By Jaimeson Champion
Published May 5, 2007 12:32 AM
On April 15, Sallie Mae, the largest student loan provider in the U.S., was bought out for $25 billion by a group of investors from Bank of America, Goldman Sachs and two private equity firms.
The buyout was met with rave reviews on Wall Street. Sallie Mae’s share prices had shot up 15 percent on April 13 after information about the impending deal was leaked to the media. Investors were chomping at the bit to get a piece of Sallie Mae’s lucrative loan portfolio, which is estimated at $142 billion.
While the buyout has been heralded on Wall Street, the reaction on campuses across the country has been decidedly different. Today’s students, who represent the most heavily indebted generation of young people in this country’s history, decried the latest development in what has been a long series of retreats from government-supported education.
Sallie Mae was originally founded in 1972 as a way to provide government-backed student loans at below market rates. Its stated purpose was to enable greater access to higher education for students from low-income families. Sallie Mae’s Web site proclaims its mission as “Helping millions of Americans achieve the dream of higher education.”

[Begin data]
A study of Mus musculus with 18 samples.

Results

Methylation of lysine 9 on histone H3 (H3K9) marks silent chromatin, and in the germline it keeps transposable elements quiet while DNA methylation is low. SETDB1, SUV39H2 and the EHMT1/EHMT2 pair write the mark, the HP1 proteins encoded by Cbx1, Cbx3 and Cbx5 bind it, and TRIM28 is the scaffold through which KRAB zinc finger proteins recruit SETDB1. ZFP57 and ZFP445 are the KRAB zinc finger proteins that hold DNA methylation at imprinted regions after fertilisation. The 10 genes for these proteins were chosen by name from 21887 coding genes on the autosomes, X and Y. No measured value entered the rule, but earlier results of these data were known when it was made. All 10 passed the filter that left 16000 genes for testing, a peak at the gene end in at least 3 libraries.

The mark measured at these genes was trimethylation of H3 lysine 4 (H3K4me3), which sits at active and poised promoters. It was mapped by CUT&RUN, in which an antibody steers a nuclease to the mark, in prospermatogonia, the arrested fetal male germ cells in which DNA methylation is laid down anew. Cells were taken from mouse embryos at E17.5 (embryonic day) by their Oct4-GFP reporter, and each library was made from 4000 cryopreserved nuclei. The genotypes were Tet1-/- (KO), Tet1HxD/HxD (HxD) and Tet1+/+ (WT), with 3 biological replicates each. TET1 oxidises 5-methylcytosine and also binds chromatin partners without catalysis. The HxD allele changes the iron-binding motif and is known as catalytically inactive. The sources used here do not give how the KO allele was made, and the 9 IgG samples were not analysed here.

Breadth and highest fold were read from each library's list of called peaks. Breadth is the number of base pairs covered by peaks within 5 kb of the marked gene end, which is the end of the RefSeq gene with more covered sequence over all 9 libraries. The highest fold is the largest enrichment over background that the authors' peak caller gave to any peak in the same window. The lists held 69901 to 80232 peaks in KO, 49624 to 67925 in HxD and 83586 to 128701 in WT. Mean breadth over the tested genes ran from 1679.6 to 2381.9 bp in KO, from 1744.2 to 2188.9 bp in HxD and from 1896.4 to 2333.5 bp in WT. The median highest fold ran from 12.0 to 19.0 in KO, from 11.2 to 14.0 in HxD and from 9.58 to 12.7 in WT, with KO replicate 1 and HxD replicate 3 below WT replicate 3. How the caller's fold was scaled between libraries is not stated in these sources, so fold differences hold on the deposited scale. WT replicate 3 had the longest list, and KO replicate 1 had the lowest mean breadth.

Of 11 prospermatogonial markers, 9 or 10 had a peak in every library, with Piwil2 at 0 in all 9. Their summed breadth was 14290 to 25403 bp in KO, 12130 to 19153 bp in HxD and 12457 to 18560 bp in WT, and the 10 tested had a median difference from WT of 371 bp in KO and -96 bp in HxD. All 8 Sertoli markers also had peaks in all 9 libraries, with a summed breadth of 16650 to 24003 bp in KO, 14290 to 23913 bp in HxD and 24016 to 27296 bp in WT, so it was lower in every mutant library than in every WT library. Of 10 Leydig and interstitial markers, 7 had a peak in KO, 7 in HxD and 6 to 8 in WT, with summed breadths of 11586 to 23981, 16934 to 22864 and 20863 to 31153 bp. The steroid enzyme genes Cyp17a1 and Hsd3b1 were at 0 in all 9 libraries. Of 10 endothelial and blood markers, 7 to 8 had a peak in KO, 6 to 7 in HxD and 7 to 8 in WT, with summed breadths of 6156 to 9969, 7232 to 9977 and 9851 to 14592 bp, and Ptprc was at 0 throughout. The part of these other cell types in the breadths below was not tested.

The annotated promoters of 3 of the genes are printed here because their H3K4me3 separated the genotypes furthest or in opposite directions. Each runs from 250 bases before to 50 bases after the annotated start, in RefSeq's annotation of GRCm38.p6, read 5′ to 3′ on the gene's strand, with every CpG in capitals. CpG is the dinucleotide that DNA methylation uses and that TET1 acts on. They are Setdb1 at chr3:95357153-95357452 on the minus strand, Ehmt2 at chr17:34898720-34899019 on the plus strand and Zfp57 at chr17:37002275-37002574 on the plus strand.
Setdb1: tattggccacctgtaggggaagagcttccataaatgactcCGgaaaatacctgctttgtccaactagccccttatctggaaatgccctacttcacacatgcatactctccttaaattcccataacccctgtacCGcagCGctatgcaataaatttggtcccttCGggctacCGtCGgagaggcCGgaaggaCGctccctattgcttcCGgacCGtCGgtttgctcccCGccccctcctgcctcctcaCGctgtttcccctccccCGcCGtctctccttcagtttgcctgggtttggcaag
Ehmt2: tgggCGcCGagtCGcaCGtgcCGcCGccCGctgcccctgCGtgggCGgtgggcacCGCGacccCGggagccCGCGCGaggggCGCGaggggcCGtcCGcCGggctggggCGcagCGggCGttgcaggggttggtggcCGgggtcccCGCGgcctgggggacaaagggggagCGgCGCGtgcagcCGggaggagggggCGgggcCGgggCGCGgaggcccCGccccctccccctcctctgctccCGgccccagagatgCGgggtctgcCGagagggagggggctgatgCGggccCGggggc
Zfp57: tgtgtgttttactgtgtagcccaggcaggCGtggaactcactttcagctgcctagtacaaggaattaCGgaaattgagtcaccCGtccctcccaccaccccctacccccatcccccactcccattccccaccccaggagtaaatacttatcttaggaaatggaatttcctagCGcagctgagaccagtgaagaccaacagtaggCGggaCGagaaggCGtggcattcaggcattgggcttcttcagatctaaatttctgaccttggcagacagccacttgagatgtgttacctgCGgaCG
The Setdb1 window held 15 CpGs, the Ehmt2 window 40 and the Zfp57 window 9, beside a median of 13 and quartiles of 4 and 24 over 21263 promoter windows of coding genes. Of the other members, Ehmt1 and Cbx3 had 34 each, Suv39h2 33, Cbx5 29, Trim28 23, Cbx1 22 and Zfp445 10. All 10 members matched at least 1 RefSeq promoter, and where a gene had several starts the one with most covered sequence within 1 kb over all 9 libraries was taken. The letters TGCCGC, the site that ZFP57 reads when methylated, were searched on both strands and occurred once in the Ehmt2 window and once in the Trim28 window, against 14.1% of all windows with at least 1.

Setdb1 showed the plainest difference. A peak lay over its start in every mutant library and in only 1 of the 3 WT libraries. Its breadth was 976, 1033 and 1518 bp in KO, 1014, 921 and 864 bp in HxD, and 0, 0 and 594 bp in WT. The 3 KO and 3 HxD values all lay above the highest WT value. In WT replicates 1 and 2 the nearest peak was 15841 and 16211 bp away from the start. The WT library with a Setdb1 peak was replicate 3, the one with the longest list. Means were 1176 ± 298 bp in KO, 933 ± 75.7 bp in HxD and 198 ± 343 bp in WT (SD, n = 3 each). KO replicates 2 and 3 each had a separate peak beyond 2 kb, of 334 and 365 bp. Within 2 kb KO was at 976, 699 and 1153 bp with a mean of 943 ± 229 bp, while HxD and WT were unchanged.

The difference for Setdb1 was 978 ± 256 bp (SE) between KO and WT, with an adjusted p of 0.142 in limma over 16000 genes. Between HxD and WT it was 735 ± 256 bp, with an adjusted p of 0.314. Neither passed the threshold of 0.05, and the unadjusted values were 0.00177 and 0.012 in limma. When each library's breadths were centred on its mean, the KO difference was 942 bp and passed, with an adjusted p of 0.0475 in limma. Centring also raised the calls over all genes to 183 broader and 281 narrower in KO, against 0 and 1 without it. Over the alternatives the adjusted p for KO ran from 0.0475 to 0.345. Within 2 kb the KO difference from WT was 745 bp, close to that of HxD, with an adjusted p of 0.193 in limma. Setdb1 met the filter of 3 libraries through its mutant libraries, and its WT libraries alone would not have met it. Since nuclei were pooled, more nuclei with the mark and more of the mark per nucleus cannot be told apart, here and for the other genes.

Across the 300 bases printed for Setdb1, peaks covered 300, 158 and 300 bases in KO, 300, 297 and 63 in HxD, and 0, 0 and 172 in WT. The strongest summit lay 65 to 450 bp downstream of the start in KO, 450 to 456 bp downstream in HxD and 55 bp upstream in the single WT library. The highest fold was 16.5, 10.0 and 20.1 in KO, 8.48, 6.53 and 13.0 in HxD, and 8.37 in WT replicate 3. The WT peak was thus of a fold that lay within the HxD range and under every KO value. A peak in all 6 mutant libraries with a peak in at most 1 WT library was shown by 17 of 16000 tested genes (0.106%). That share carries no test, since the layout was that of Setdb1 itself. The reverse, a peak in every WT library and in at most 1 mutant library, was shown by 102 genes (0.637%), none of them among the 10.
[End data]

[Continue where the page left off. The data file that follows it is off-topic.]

While Sallie Mae was supposedly conceived as a company meant to serve the public good, it has in fact served private interests much more faithfully over its 35-year history. The recent buyout is just the culmination of a process that began almost immediately after the 1972 legislation creating Sallie Mae passed Congress. This process has enabled Wall Street to squeeze super-profits out of the student loan industry—not surprising, considering how the U.S. capitalist government itself is so totally under the domination of the banks, the oil giants and the military/industrial complex.
Indeed, the student loan industry has generated enormous amounts of wealth for the ruling elite. According to a recent CNN Money article, former CEO and current chairman of Sallie Mae, Albert Lord, raked in an astronomical $200 million in pay packages between 1999 and 2004. Tom Fitzpatrick, the current CEO of Sallie Mae, took home $16.6 million in salary, bonuses and stock options in 2006 alone. (CNNmoney.com, April 16)
The news of the Sallie Mae buyout comes on the heels of headlines around the country pertaining to preferred lender scandals, and investigations by various states’ attorneys general into the proliferation of “unethical” business practices among a number of student lenders, including Sallie Mae.
As a company now held by investment banks and private equity firms, Sallie Mae will be subject to much less outside scrutiny and oversight, which was obviously lax to begin with. At a time when the student lending industry is embroiled in controversy, the largest student lender has taken a major step towards becoming less transparent.
A generation of students with average debt loads of $20,000 or more after graduation cannot help but wonder if they are being purposefully exploited and shackled by debt. The need to intensify the struggle for free and universal access to higher education has never been greater.